Sam Dolphin: a Learner, a Professor, a One of a Kind Student


He doesn’t say much, typically being reserved from others when in class. People know him from his sandals, in use all year round rain or shine and even snow. Weather doesn’t matter those shoes will be there. His intelligence proves to be above the rest, and his kindness excels to unknown lengths. This young man is better known as Sam Dolphin: a senior, a professor.

“Sam’s a wonderful person at the current stage of his life and it just nice to see him develop the way he has,” Joe Hartert, a senior said. “He is extremely well managed, polite, he never says anything against anyone. He is always courteous to his teachers, extremely agreeable, and just fun to be around.”

Kris Schrotenboer, an English teacher, has the privilege to have Dolphin in her hybrid class, senior creative writing. She often refers to him as the Professor and has continued this trend all year.

“I called him the professor because I have this vision of him wearing sweaters but then he’ll wear his Tevas, sandals so I’ll always say to him he has the look of a college professor. College professors are their own kind, their own person, they will do their own thing. They care what other people think to a point only because they want what’s best for people and I think that’s really true to Sam.”

When class is not in session, Dolphin can be found in the choir room; not because he’s in the class and needs to be there, but because he enjoys it too much to stay away. To get up early and come to school anyway when not needed, will not be done by most students. However, Dolphin does because that is just the type of person he is, Schrotenboer explains. He does not care about how others perceived him, it’s all about what will better him in his present and future.

“Sam is interested in whatever he wanted to be and it’s admirable to see in anyone,” said Joe Hartert.

Schrotenboer cannot agree more with Harert.

“He [Dolphin] is like here I am, get what you see so if you don’t like what you see then you can just move on because I’m not going to change myself just because you don’t like me,” said Schrotenboer. “He’s not in this for a popularity contest it just not his thing. That is what I think makes him seem so much older because high school can typically be about all the drama and a lot of silliness. What stands out is he just doesn’t get into the drama doesn’t get into ‘the game,’ ‘the high school game.’”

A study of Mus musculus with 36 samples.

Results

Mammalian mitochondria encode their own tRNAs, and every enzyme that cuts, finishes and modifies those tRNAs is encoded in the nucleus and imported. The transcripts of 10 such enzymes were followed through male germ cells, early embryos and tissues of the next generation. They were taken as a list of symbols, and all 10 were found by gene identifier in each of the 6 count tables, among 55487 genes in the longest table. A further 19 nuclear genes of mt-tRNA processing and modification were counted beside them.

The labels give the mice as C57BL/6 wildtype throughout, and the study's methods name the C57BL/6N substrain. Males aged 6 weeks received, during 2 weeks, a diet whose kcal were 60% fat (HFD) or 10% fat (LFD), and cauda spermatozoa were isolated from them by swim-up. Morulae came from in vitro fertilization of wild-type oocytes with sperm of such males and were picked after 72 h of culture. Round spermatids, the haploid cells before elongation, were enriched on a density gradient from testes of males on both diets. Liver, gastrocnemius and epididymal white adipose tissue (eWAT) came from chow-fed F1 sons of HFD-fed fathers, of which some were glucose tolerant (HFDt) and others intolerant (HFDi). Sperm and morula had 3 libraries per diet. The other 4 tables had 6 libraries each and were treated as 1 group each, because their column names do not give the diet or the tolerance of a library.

“He’s not in this for a popularity contest it just not his thing. That is what I think makes him seem so much older because high school can typically be about all the drama and a lot of silliness. What stands out is he just doesn’t get into the drama doesn’t get into ‘the game,’ ‘the high school game.’””

— Schrotenboer

With this being Schrotenboer’s first year with Dolphin as a student, she can not help but feel excitement and fondness to see his growth. She’s known him since seventh grade but has never worked with him up until now. Looking back, Schrotenboer cannot help but compare the young, and aged Dolphin.

“I first met Sam and I thought he was a different kind of kid. He was much more mature than his seventh-grade counterparts and that pretty much has been the case with him all the way through,” said Schrotenboer. “He’s had a lot of experience majority of kids have not and so that has made him the kid he is today. I would have predicted that he would have been like he is now, kinda quiet, reserved. But yet, when you know him he’s quite funny, woody and a very intelligent young man, also a great writer for sure.”

Students in FHC are here for the grades or “the Grade” as how Schrotenboer explains it. However with Dolphin, she noticed it is the complete opposite. Upon seeing this Schrotenboer could take a breath of fresh air at the fact that a student is at school to actually learn.

“Grades are important, but that’s not the end all for him [Dolphin],” said Schrotenboer. “I think that’s very different from a lot of students around here. He is concerned about his grades but Sam  is not obsessed with his grades. He wants to learn because he knows it will make him a better person and that is very different than most high school students. Most high school students are here for grades, he’s here to learn and that’s where there is a huge difference.”

Most teachers and students know Dolphin for his unforgettable sandals but, also and more importantly, for his intelligence, his unimaginable ability to absorb knowledge like a sponge.

“Most people seem to think I’m incredibly smart and generally a nice guy. I suppose I like that, but I disagree with the first part to a degree; people give me way more credit than I think I deserve,” said Dolphin. “Teachers probably see me as quiet, dedicated, and helpful. They tend to think very highly of my intelligence. [Teachers] probably think of my academic ability. It seems like those are the most common things that people associate with myself. Yes, my intelligence is a part of me, but I feel that people can sometimes dwell on that too much and let it be kind of intimidating. I’d rather people thought of me as me and didn’t care about the intelligence factor.”

With Schrotenboer saying goodbye to Dolphin this year, she cannot help but learn from him. learn from his one of a kind personality and abilities.

“If there is one thing I can take away from him [Dolphin] honestly would be not to sweat the small stuff,” said Schrotenboer. “He’s very careful about what he does, he’s very meticulous but at the end of the day, he doesn’t worry about the little things because he knows things will work out and that is something a lot of us can learn.”